Remember that video of BJP leader's 36-seconds long chant of "kamal, kamal, kamal" to commemorate his party? Well, it looks like he was the first one to foresee the Modi wave, nay the "tsuNaMo" that seems to have engulfed the nation, shattering any shred of opposition from the Congress or other parties to bits.
The Bharatiya Janata Party (BJP) has swatted away any challenge posed by the Congress or the united opposition as it thunders toward an unprecedented victory at the Lok Sabha 2019 elections, one that tops even the 2014 mandate.
If successful (more 'when' than 'if', to be honest), the poll results will prove almost all the exit polls right including the News18-IPSOS exit poll which predicted a near-accurate mandate for the incumbent, Modi-led NDA alliance. The BJP is currently ahead on over 280 seats, with the partners in NDA pushing the total tally to over 340 seats, leads show as results of the general elections pour in.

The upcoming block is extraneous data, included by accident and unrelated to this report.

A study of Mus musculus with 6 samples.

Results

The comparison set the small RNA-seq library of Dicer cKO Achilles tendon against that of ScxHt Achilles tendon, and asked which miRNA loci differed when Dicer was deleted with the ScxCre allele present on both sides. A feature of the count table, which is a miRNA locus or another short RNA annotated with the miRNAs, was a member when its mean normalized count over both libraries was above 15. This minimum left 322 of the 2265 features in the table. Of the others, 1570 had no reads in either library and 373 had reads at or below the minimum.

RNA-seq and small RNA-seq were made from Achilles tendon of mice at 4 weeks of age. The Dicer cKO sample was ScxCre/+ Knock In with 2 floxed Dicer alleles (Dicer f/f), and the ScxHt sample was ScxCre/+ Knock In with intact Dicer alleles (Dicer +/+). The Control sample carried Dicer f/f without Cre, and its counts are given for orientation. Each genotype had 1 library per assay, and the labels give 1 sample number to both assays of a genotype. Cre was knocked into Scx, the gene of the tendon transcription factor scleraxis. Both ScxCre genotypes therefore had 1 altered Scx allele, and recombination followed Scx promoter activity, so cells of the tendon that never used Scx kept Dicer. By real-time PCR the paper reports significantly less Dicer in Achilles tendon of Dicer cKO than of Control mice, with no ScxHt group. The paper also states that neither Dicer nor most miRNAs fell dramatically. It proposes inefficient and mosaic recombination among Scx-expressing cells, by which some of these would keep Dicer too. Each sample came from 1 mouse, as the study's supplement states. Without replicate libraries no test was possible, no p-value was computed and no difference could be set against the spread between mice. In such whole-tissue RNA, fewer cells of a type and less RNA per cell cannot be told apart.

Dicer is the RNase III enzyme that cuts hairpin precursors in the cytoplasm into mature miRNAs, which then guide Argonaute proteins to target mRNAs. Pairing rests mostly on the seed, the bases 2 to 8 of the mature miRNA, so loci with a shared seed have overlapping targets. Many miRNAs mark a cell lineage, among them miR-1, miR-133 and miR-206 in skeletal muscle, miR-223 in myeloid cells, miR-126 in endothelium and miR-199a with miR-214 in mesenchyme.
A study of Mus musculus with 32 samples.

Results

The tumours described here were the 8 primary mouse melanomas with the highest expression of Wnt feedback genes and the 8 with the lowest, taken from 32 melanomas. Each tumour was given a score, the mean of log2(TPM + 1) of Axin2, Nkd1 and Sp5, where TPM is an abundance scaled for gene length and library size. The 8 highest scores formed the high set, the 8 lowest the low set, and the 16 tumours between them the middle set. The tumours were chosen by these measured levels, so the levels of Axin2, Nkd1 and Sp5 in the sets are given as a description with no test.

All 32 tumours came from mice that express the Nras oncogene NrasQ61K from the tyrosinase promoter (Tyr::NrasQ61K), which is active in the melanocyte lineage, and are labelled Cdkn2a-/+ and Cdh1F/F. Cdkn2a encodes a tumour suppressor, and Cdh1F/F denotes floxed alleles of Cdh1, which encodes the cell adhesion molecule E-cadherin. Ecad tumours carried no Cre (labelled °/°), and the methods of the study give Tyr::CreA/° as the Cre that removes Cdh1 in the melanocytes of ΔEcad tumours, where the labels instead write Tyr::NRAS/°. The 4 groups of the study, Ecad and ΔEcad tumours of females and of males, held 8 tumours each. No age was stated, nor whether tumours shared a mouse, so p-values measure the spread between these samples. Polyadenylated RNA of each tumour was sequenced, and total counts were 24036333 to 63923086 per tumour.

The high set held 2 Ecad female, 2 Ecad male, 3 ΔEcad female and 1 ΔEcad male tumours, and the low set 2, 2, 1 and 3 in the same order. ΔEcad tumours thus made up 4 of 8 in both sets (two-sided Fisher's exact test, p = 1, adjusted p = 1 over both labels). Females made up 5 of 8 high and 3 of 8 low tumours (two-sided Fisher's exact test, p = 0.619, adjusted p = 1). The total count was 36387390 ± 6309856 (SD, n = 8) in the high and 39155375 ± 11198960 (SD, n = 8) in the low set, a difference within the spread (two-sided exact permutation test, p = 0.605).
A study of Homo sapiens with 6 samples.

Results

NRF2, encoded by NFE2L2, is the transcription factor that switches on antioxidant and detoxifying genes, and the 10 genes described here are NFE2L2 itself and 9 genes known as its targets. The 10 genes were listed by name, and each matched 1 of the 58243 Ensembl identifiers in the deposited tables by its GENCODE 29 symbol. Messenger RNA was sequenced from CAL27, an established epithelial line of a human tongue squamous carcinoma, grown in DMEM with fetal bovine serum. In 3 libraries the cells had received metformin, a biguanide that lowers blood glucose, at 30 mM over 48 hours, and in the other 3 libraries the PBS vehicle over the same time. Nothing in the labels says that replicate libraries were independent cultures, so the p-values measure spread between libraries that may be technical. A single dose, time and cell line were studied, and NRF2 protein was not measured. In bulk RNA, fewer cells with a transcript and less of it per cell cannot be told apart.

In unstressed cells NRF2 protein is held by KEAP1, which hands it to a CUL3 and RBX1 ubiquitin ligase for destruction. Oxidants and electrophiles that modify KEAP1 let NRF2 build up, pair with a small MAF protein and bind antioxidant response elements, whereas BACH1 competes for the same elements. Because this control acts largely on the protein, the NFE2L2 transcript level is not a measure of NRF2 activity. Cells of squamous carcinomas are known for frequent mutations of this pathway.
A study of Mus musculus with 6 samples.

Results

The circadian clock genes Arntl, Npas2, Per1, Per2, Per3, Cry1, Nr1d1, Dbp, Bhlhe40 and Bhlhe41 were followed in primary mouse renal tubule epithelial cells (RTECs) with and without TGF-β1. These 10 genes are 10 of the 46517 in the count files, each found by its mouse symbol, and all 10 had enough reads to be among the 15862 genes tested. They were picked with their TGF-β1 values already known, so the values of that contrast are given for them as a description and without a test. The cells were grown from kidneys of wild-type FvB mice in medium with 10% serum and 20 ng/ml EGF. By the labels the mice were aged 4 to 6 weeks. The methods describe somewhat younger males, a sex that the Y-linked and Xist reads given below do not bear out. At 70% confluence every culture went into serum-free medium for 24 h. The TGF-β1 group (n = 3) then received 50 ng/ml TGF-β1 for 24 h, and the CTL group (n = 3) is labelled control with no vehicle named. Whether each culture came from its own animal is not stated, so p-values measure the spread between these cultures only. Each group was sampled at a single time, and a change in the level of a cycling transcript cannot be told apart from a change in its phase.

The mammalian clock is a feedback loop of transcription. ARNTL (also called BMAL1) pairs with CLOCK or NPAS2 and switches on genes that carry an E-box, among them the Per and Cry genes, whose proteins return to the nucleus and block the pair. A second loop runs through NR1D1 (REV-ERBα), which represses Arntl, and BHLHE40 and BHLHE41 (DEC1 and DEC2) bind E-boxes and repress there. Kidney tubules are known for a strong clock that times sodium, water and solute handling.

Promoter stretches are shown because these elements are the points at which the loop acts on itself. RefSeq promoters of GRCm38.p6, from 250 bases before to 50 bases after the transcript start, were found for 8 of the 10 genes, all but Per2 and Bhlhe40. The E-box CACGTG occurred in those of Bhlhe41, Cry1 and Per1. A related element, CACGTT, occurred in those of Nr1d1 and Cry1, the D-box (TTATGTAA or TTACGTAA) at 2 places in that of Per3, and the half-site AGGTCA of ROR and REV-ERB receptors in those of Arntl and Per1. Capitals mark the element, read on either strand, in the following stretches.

However, even before the exit polls or analytics or even any of the poll pundits could have their word, it was the now seemingly foresighted BJP leader Vineet Agarwal Sharda's chant that first predicted the absolute dominance of the saffron lotus.
Here is the video, in case you missed it before. Because you really cannot miss the Kamal now.
#WATCH BJP leader Vineet Agarwal Sharda asking people to vote for 'kamal' (BJP party symbol) during a public rally in Meerut. (01.04.2019) pic.twitter.com/wCTnSWprey — ANI UP (@ANINewsUP) April 2, 2019
In the last election, the NDA had 336 seats while BJP accounted for 282. However, this year, the party looks to dismantling its own record by winning an even larger mandate. The stellar show by the BJP has sent the stock market soaring, with the BSE Sensex crossing 40,000 points for the first time ever.
So when Uttar Pradesh's Vineet Agarwal Sharda chanted "kamal, kamal, kamal," he really wasn't being "overenthusiastic". Indeed, he was summing up the mood of the country. If early leads and numbers are to be believed, the Modi-mandate is unmistakable. The people of India have spoken. And all that can currently be heard (or seen) over the din and commotion of result day, and across the map of most of India, is "kamal, kamal, kamal, kamal, kamal".